Blue Jays: Reports of Extension Talks With Marcus Semien; Robbie Ray is Next
By Dave Litman
MVP contender or Cy Young candidate? Decisions, decisions. The Blue Jays must be ready to plunge into the free-agent pool even deeper than ever this offseason.
According to Ken Rosenthal of The Athletic, sources say that the Blue Jays have already attempted to get second baseman Marcus Semien to agree to an extension, though “without success to this point.” The sources also say they will start talking with ace pitcher Robbie Ray in the offseason.
Both Semien and Ray have been critical pieces for the Jays this season after signing one-year contracts for the 2021 season. Semien, after finishing 3rd in MVP voting in 2019, cratered in 2020 and was willing to sign a one-year deal for $18 million in order to re-establish his market value as an MVP-type player. That, he has done. Semien has slugged a career-high 37 home runs, along with a .875 OPS.
He’s allowed two runs or fewer in 10 of his last 11 starts; he’s struck out double-digits in his last 4 straight starts while averaging 11.5 K/9 overall this season, and his ERA+ is an astonishing 72% above league average.
It goes without saying that the Jays would like to re-sign both players, but neither will be coming back on one-year contracts. In fact, they’ll both command deals most likely worth north of $100 million dollars.
Who’s more indispensable to the team?
As Rosenthal notes, the Blue Jays’ offense is 4th in the majors—and that’s without George Springer for a large portion of the season. They’d still have a vaunted offense even without Semien in 2022. There is, however, no doubting his value to the team as an everyday, consistent offensive threat. And he has, to say the least, been doing it in the clutch, something the younger players haven’t always been able to do.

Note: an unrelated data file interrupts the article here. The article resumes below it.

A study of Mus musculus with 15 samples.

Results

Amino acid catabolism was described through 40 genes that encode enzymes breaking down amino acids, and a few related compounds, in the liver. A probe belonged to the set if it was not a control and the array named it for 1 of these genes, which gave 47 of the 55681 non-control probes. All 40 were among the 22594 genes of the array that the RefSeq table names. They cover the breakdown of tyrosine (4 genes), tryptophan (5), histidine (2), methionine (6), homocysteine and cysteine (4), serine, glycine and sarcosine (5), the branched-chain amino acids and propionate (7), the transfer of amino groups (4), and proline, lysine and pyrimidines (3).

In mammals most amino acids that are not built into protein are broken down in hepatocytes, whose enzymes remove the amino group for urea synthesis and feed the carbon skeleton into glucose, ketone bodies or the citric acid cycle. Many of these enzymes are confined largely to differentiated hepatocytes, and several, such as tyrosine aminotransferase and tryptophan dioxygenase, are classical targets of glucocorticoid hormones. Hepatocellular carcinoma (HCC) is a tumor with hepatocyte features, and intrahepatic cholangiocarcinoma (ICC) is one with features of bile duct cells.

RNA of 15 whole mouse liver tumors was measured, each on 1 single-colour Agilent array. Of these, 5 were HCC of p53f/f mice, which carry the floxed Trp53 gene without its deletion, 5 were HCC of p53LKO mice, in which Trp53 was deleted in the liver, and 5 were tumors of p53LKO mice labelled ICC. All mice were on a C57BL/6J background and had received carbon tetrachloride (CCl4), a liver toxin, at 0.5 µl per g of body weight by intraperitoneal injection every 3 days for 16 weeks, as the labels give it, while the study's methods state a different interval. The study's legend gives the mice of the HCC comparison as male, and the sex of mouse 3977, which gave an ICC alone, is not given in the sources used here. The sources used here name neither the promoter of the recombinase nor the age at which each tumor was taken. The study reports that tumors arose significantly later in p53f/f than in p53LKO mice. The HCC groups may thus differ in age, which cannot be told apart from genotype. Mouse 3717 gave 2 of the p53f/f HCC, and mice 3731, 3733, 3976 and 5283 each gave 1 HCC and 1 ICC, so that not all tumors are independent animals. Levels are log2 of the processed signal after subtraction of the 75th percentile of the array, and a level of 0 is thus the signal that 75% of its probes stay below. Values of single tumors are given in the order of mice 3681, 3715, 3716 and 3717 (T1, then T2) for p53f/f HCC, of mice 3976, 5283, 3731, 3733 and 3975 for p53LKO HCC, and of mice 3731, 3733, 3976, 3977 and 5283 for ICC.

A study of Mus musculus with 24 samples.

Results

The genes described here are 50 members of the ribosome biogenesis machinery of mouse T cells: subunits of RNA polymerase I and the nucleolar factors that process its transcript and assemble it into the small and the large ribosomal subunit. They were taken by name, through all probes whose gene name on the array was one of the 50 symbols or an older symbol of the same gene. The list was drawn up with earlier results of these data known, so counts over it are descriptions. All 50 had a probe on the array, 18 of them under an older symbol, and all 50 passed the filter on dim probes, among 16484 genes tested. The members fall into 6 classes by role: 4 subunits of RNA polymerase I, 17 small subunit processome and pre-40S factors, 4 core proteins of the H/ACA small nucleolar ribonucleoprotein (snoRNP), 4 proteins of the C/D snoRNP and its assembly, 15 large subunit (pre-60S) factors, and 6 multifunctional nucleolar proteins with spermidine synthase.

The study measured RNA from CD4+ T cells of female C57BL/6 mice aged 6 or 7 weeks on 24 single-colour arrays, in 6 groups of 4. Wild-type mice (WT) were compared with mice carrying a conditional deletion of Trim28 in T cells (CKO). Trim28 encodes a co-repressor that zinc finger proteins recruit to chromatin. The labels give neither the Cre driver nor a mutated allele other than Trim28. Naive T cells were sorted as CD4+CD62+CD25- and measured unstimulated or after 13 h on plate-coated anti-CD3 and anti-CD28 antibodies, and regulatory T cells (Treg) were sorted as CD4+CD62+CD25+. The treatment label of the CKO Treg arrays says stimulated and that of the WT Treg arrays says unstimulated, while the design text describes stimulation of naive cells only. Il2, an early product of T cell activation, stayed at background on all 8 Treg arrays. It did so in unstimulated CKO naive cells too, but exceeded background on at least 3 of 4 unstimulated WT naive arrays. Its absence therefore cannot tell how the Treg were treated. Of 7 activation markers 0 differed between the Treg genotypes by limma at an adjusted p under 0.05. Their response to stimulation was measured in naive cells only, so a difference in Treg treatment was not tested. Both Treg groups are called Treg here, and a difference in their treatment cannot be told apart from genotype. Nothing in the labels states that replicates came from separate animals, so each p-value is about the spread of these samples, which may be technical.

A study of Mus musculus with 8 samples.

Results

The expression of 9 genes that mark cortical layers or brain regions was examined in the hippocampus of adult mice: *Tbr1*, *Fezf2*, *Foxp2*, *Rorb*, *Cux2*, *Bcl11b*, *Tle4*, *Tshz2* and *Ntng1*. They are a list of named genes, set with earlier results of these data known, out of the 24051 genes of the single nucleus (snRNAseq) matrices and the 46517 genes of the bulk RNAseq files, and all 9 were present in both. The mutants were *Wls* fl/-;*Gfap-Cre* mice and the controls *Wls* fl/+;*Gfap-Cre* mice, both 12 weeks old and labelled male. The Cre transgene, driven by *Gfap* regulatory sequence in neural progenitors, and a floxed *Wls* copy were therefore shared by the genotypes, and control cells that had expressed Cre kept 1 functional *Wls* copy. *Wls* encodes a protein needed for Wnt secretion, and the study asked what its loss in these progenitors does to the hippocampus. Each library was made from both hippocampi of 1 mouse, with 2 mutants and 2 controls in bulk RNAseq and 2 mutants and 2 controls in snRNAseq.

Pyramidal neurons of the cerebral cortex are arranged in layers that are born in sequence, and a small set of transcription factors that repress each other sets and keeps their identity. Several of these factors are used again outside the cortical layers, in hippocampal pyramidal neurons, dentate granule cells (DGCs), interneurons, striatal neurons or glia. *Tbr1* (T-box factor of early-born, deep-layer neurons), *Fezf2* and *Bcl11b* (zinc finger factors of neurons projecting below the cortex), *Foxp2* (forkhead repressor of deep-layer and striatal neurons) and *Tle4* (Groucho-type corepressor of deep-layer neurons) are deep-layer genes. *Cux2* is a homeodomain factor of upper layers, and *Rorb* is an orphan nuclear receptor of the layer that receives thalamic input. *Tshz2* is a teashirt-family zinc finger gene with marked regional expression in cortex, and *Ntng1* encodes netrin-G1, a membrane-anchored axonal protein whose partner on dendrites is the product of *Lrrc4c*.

In the rotation, Ray has certainly proven himself indispensable. Consistent elite starts every time out. Incumbent ace Hyun Jin Ryu will be going into the third year of his four-year deal, and at 35 years old in 2022, it’s certainly possible he could slow down a bit.
If stellar pitching is the most critical component of a successful playoff team (spoiler: it is), then Ray seems like a necessity.
Can they afford both players? Let’s not forget that there are other aspects of the team that needs improvement, as well (hint, hint: starters generally only go seven innings max these days).
How can team President Mark Shapiro and GM Ross Atkins navigate all these murky waters? Let’s delve a bit into what makes these guys tick.
According to Ken Rosenthal of The Athletic, sources say that the Blue Jays have already attempted to get Marcus Semien to agree to an extension, though “without success to this point.” The sources also say they will start talking with Robbie Ray in the offseason.
Coming from their small-town roots in Cleveland for so many years, is diving into those deep, chilly free-agent waters still a little foreign to Shapiro and Atkins? They like to dip their toes in first, and slowly wade in.
In 2019, they rushed towards the deep end a little quicker than they’ve ever done before by signing Ryu to a 4 year, $80 million dollar deal. A very good and robust signing indeed to this point.
It was an even greater shock to their systems when they dove in headlong and spent $150 million on George Springer last offseason. The best positional player on the free-agent market in the winter of 2020, Springer has been tremendous for the Jays this season—when he’s played. The leadoff slugger has only managed to play in 56 of the team’s 136 games to this point. Are Shapiro and Atkins wondering, perhaps, if they’re not fully getting their money’s worth? Are they feeling a little tepid about entering waters that deep again? Times two??
Many more questions come to mind as well:
Was the high prospect price they paid for starter Jose Berrios partially motivated by the fact that he’s signed through 2022, so they could justify to themselves avoiding a bidding war for Robbie Ray?
I would suggest that those dynamics have changed since the Berrios acquisition, as they’ve ridden the roller coaster ride that is Berrios, while Ray has continued to soar to new heights. The two simply aren’t comparable.
And what about those other team needs? As we have all been witness to this season, upgrading the bullpen must also be a top priority in the offseason if this team is to get to the next level.
The Blue Jays front office duo got burned on their $5.5 million contract for closer Kirby Yates last winter, as he was lost to injury before the season began. Upgrades are still needed here.
At third base, another need, will they try to save money by going into 2022 relying on the likes of Santiago Espinal, Kevin Smith, or Breyvic Valera? Or do they need to allocate funds here as well?
These are all serious questions facing Shapiro and Atkins when they get ready to dive into the offseason. Because the free agent pool of Marcus Semien and Robbie Ray will be deeper than they’ve ever waded into before.